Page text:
Yesterday's announcement was a significant one for Saracens.
It did more than just announce that 12 players had put pen to paper to ensure their future is with the North London club.
Yes, the signings of both James Johnston and Billy Vunipola are a massive coup for the club.
But the agreement of new contracts with the ten current players, including EPS squad members Mako Vunipola and David Strettle, Saxons' Will Fraser and Richard Wigglesworth, Storm captain Nils Mordt plus some of the clubs’ finest young talent, are equally as crucial.
Pair this with the five coaching contract renewals that took place last week and the future is looking bright for Sarries.
It hasn’t always been this way though. For many years, a revolving door needed to be installed for the end of season exodus leaving the club. Big names came and went, and nothing really changed.
Saracens were still the big money spenders who achieved a small fraction of their potential. This was not exclusive to the players either.
Poor season after poor season went by with a string of coaches inevitably paying the price.
Then along came the 2009/2010 season and the appointment of Brendan Venter. At the time, it was a contentious appointment and there was a huge furore at the possibility of a South African takeover.
Who was to know that it would end up being the move that would turn the Men in Black into a team to be taken seriously, who fight on more than one front as well as supplying significant numbers to England at varying levels along with a variety of other nations?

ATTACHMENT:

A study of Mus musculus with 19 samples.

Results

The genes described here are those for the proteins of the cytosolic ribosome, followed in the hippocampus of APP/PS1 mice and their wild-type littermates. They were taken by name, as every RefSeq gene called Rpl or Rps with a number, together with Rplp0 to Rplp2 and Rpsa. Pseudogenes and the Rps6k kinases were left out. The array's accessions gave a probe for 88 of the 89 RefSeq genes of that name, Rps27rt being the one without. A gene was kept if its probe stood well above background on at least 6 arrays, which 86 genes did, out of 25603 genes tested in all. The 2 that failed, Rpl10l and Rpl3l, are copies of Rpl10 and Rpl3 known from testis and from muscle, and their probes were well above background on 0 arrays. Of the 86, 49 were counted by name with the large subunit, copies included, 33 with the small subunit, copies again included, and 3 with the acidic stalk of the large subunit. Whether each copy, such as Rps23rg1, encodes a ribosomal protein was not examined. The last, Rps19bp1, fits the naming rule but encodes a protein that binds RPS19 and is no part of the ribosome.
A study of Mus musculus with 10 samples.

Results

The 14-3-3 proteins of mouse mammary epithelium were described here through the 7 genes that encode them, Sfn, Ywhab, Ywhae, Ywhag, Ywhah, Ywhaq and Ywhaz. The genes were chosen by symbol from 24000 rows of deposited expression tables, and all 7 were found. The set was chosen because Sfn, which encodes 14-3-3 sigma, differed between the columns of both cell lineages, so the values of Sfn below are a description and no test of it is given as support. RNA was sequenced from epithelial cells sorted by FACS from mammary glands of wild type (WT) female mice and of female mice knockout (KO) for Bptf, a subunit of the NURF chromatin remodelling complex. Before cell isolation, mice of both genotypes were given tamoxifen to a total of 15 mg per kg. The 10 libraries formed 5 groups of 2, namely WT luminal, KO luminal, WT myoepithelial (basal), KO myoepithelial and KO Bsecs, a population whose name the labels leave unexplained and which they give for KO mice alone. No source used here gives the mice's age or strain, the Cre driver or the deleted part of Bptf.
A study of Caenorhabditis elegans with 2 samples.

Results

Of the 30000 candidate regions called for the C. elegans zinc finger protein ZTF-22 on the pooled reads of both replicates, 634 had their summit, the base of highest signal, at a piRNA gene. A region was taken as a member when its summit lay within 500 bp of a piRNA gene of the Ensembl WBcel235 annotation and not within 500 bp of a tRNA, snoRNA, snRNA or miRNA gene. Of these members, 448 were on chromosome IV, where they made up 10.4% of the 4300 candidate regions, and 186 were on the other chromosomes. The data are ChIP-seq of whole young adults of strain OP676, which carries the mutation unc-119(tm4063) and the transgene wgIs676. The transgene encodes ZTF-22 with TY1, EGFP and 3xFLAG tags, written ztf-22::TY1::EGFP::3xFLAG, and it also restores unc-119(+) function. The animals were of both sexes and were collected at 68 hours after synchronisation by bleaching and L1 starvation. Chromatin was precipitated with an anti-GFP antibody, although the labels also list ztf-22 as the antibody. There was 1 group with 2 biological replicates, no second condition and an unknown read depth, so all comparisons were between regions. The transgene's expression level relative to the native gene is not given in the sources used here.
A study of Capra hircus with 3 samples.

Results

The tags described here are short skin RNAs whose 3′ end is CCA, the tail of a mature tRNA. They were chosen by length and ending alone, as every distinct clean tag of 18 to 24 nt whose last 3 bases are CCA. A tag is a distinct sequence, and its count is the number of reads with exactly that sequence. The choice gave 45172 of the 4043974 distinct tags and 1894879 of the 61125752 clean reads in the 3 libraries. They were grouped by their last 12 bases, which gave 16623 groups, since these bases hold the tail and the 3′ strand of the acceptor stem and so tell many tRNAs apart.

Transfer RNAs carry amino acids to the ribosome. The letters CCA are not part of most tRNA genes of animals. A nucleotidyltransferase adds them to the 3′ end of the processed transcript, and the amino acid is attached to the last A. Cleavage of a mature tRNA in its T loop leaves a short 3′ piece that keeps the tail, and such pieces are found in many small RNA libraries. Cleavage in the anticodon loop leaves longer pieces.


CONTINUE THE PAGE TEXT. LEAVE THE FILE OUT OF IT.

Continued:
Inevitably changes have occurred.
The difference now is that when one individual leaves (and it is individuals that leave, group exits are a thing of the past), another is ready to take their place.
This has only been highlighted by the smooth transition that occurred when Mark McCall took over from Venter as Director of Rugby and once again when Andy Farrell was recruited into the national set up and Kevin Sorrell stepped up.
There is also the presence of the highly-rated duo of Paul Gustard and Alex Sanderson, for whom international recognition could be just only round the corner.
This is the same on the playing field as well. Those players putting pens to paper in recent times to ensure their future at Sarries are not the highly paid journeymen that Saracens had become synonymous with but either those in the forms of their career or future stars for both club and country.
This consistency has enabled a real culture and identity to be created at the club, something that had always been lacking.
Saracens is now a place where people want to be, not just a home for the nearly retired ex-international star.
The players that are brought in to the environment may be big names, but ones that can add something to the club. After all, we know what happened with Gavin Henson - players that could be at Sarries for the wrong reasons don’t tend to stick around very long.
After many years of witnessing Saracens in a precarious position or two, it makes you appreciate the good times that currently exist even more.
With these good times come a club with a strong element of stability and familiarity that will hopefully continue into Allianz Park and beyond.